It’s no secret that what they eat, how they eat and when they eat is crucial to a child’s performance at school. But so many of the messages we receive about food are confusing that it can be very difficult to know for sure that we’re giving our children the best possible food combinations.
‘Providing a healthy diet and environment can be a pleasurable way to care for your loved ones and yourself,’ says Katherine Megaw, a paediatric dietician in Johannesburg. ‘Food not only fuels our bodies; it also affects our mood. And everything your kids are swigging, dipping, chomping down on and sipping could be leading them straight into a sad state. We eat a lot of unhappy meals.
‘Everyday foods void of important nutrients, minerals and healthy fats are also laden with jaw-dropping levels of sugar and dangerous fats that research has linked to depression. But the stress of modern-day life makes it easier to cave in to the temptations of fast food and the convenience diet.’
Megaw points out that as children become teenagers, they also become more independent in their food choices, but they don’t necessarily make the best choices, even if they’ve been brought up eating a healthy diet. ‘They tend to eat too many high-fat and high-calorie snack foods, and they hit the fast-food outlets much more often than they did when they were younger,’ she says. ‘This is often because of school, sports and work schedules overlapping regular mealtimes.’
The key is to teach your children about balanced eating, and to favour nutrition-dense food over calorie-dense food. The simplest way is to divide your plate – or their lunchboxes – into a mental half and two quarters. ‘Half should be fruit and vegetables; a quarter (or the palm of the child’s hand) should be protein; and the last quarter carbohydrates the size of the child’s fist,’ says Claudine Ryan, registered dietician and nutritional manager for the Compass Group. ‘Aim for lean protein and low-GI starches; then add one fat – a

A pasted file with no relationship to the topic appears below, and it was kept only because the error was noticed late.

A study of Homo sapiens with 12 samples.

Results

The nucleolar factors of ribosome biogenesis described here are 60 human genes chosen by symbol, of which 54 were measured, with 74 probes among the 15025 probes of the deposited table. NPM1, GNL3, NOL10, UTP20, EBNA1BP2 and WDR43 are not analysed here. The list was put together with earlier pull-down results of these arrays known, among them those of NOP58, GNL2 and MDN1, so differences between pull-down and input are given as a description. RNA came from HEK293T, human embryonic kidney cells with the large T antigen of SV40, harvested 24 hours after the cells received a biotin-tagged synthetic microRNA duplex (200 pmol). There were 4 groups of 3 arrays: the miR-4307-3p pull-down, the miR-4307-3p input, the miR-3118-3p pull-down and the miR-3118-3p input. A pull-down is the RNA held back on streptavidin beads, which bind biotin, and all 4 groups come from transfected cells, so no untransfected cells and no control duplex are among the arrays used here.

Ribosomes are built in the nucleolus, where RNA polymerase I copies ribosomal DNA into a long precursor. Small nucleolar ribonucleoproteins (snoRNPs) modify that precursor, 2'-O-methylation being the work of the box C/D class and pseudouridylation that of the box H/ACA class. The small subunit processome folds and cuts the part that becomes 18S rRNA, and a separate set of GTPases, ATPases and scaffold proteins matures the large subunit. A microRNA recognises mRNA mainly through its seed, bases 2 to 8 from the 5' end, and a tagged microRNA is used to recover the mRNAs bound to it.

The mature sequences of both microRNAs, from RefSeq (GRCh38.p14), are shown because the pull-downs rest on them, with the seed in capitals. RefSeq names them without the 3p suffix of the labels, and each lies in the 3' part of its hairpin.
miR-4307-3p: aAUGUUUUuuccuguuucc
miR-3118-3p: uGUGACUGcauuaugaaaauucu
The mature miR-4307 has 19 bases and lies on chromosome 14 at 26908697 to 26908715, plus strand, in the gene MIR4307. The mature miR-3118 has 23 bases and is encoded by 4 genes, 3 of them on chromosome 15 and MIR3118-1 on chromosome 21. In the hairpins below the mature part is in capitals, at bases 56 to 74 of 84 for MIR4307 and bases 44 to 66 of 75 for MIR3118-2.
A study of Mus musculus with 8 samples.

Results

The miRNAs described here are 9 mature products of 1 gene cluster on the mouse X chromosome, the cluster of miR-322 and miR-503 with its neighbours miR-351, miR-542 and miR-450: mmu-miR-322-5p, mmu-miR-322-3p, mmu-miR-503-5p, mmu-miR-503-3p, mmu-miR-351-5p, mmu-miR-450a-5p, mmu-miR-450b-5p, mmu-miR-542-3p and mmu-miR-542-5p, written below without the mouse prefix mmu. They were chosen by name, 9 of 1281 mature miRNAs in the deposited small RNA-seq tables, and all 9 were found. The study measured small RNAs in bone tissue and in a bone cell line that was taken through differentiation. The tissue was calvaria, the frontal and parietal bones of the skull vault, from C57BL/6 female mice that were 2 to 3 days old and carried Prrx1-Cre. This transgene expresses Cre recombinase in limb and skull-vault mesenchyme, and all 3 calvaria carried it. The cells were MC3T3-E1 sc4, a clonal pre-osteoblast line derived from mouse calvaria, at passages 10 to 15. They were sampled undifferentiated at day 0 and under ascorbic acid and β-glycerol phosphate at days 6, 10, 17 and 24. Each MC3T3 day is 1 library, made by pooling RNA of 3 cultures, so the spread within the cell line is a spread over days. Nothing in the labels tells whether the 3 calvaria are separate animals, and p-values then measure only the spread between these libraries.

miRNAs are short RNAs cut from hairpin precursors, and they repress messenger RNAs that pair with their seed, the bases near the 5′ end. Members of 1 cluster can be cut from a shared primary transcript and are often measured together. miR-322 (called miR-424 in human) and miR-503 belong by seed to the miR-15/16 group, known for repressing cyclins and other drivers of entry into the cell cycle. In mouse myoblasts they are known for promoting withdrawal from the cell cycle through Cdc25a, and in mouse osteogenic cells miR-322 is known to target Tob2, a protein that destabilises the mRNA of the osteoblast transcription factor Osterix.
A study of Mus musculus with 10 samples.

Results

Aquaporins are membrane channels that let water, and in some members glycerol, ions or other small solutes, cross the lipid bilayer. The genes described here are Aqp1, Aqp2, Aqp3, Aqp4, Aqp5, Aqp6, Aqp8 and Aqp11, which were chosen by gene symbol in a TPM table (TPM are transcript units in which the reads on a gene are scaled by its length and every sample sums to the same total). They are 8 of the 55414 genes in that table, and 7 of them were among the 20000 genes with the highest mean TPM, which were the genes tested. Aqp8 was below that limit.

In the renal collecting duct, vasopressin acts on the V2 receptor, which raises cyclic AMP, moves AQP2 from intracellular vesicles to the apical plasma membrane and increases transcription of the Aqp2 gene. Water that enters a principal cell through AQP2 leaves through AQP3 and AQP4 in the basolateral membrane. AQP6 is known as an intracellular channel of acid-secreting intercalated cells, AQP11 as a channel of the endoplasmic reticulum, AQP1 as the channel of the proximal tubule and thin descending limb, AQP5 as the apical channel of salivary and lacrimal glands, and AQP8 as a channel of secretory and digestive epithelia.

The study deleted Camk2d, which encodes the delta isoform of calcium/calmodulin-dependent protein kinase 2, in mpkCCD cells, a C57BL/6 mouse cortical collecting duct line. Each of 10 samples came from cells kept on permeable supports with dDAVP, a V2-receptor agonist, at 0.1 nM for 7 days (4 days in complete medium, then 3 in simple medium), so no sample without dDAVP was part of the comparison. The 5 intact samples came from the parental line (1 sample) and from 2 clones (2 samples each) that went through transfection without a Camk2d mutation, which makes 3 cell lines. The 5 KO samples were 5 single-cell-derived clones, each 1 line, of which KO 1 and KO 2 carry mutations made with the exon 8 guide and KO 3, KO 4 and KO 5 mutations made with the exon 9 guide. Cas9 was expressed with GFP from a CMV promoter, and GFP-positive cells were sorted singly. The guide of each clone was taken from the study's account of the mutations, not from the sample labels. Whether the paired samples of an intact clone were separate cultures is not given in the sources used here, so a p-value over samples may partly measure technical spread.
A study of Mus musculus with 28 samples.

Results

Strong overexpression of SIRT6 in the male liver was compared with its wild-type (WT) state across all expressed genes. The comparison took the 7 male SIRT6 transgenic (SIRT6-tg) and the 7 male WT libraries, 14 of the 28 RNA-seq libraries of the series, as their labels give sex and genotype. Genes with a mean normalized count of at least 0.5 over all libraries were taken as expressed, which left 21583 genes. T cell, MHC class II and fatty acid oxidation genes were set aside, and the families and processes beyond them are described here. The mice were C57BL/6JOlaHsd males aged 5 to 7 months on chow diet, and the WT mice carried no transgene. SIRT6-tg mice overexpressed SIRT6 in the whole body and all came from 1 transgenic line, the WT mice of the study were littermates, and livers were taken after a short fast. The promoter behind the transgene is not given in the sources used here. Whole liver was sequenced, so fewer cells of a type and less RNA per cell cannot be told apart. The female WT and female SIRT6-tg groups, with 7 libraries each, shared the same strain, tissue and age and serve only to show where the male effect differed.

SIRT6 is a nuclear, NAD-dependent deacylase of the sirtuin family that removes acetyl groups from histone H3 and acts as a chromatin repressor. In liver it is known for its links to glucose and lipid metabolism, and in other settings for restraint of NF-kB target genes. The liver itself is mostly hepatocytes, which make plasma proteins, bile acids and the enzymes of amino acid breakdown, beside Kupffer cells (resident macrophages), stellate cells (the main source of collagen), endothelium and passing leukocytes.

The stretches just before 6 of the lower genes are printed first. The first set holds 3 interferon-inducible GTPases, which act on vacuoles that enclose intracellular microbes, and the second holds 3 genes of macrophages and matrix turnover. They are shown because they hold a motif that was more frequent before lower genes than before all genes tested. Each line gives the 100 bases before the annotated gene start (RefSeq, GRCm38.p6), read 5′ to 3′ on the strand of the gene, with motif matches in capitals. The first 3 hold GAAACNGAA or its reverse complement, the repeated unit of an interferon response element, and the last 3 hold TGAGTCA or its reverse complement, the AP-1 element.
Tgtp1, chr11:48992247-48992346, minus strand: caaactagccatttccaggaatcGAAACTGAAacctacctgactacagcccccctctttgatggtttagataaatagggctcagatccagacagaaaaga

poly or mono-unsaturated fat like peanut butter, avocado or nuts.
‘The time just after school is a great window of opportunity to get your child to eat something healthy, as they generally come home starving, having rushed lunch to spend time with their friends in the playground,’ suggests Megaw. ‘And a hungry child is a less fussy child. A few simple ideas and a few minutes spent in preparation can make a big difference to your child’s diet.’
Instead of whole fruit in a fruit bowl, cut up a selection of colourful fruits and arrange them on a plate, she advises. You can also have healthy snacks such as mini cheeses, dried fruit, or a bowl of salad with a tasty dressing on the table, so that your child eats these rather than crisps or chocolate biscuits.
Ryan adds that balance is important. ‘Look at your children’s energy intake and ensure they’re eating enough. They need sufficient wholegrain, unrefined carbohydrates. Low-GI food supplies energy for up to three hours, and whole grains contain vital minerals, vitamins and fibre.’
A vital part of your child’s nutrition is their fluid intake. Dehydration can cause fatigue, which can have a negative impact on their concentration. ‘Younger children need to drink at least four glasses of pure water a day, and then they can add fluids from other sources, such as diluted juice or milk,’ says Ryan. ‘But it’s important to remember that everyone is different – if they are playing sport or it’s unusually hot or humid, they’ll need more fluid.’
And while fluid can come from many sources, not just water, remember that pure fruit juices are sugar-laden, as are fizzy drinks and energy drinks. If your child has a weight problem, they might be eating well and then undoing all of their efforts by drinking empty calories.
‘Energy drinks are fine for sport,’ says Ryan. ‘They have a high GI, so they’re not much use for sustaining energy. They should be used as part of recovery or during a match, because they hydrate and deliver energy for immediate use. But they shouldn’t be part of your child’s daily intake, because your child will be taking in a lot of unnecessary sugar.’